This is an article from the March 26, 2012 issue
A rival scout sizes up the Rays
This is the best team I saw this spring. It's all about the starting pitching. One through five, this is the best rotation in the AL. They're just loaded with high-end guys, none of whom have reached their potential.... The difference for James Shields is that he's been able to refine his off-speed stuff—he's throwing changeups to both righthanders and lefthanders.... David Price was every bit as good last year, when he went 12--13, as he was when he won 19 games in 2010.... When Price came up, he had a fastball but otherwise was a work in progress. Matt Moore is the whole package. He's got the presence of a top-of-the-rotation guy.... The Cubs made a mistake when they traded Chris Archer for Matt Garza. Archer was throwing 95 in his first spring outing. He has the chance to be a difference-maker down the stretch. They'll break him in like they broke in Price and Moore, in the bullpen.... Every year we say there are doubts about the bullpen, and every year they have a good one. That's all Joe Maddon. He's a magician at putting a solid team on the field every day and maximizing everyone's ability.... They have a chance to hit a lot of home runs, with Evan Longoria, Carlos Pe√±a and Luke Scott.... Desmond Jennings can fly—he could be Rickey Henderson. Their biggest weakness is behind the plate. Jose Molina should be a backup, but he's going to catch an awful lot of games.... The biggest question is B.J. Upton. He's never grown into what he can be. If he puts it together, it will be very difficult to stop them.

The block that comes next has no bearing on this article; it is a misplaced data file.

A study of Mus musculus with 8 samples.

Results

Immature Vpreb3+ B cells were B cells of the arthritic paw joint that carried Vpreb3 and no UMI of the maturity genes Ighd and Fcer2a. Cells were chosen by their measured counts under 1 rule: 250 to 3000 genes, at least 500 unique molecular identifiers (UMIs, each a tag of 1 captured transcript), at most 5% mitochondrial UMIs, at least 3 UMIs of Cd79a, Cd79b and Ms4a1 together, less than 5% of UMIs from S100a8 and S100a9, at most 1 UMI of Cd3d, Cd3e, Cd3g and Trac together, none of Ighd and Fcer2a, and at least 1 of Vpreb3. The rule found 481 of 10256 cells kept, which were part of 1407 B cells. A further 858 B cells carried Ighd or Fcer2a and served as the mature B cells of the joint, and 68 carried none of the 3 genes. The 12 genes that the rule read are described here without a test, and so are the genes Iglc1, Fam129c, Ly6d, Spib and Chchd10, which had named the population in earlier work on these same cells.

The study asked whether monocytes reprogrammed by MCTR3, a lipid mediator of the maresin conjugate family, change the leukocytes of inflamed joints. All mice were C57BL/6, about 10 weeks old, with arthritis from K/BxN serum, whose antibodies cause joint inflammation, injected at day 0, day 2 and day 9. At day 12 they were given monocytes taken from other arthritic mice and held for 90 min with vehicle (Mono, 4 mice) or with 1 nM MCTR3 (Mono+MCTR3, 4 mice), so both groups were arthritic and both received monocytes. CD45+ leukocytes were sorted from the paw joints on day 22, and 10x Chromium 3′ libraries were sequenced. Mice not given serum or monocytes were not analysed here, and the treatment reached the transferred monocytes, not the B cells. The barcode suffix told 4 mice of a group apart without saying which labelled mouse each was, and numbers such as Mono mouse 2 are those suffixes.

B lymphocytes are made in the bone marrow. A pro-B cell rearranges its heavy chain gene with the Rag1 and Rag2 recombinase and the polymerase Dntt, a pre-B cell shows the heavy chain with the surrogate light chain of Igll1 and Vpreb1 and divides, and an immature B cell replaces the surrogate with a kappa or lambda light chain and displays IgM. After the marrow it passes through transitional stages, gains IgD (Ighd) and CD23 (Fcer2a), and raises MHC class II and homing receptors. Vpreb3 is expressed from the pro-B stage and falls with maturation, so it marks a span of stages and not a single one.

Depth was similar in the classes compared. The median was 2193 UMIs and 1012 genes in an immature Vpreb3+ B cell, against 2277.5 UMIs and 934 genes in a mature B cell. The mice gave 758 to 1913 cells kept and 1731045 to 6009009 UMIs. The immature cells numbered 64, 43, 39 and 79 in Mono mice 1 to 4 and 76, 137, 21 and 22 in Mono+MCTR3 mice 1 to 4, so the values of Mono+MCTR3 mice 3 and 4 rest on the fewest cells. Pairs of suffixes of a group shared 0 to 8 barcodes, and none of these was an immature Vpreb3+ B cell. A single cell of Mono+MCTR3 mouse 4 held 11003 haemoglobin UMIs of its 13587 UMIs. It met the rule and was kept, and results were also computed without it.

With 2011 Statistics
MANAGER JOE MADDON
7th season with Rays
|LH||MATT MOORE (R)||1||0||2.89||1.29|
NEW ACQUISITION (R) ROOKIE
Pickoffs by Rays pitchers last season, tying them with the White Sox for the most in the majors. Most of those were courtesy of James Shields, the first righthander since 1993 (Jack McDowell) to reach 13. Rays catchers, however, only threw out 24.1% of base stealers, tied for second-lowest in the AL.
One piece the Rays didn't have last year was a multi-inning reliever: Manager Joe Maddon ran a matchup bullpen filled with short relievers, so everyone who made at least 15 relief appearances averaged fewer than one inning per outing. While it worked—Tampa Bay won the AL wild-card spot—a team breaking in a rookie starter (Matt Moore) may need an option that can go longer. Rather than choose their long man based on who loses the rotation battle, though, how about deciding which from the pair of Wade Davis and Jeff Niemann actually fits best in a multi-inning role? Niemann has had more of his success the first two times through a team's lineup: in his career he has held opponents to a .704 OPS the first time through and .667 the second time, but has gotten pounded when he sees hitters a third time (.825). Davis is at his worst the first time through (.787 OPS allowed) and gets progressively better. Niemann gets rocked after 75 pitches; Davis shows no such pattern. Based on that data, Niemann is better suited to throwing multiple innings out of the bullpen. The Rays should make him their long man and leave Davis in the rotation.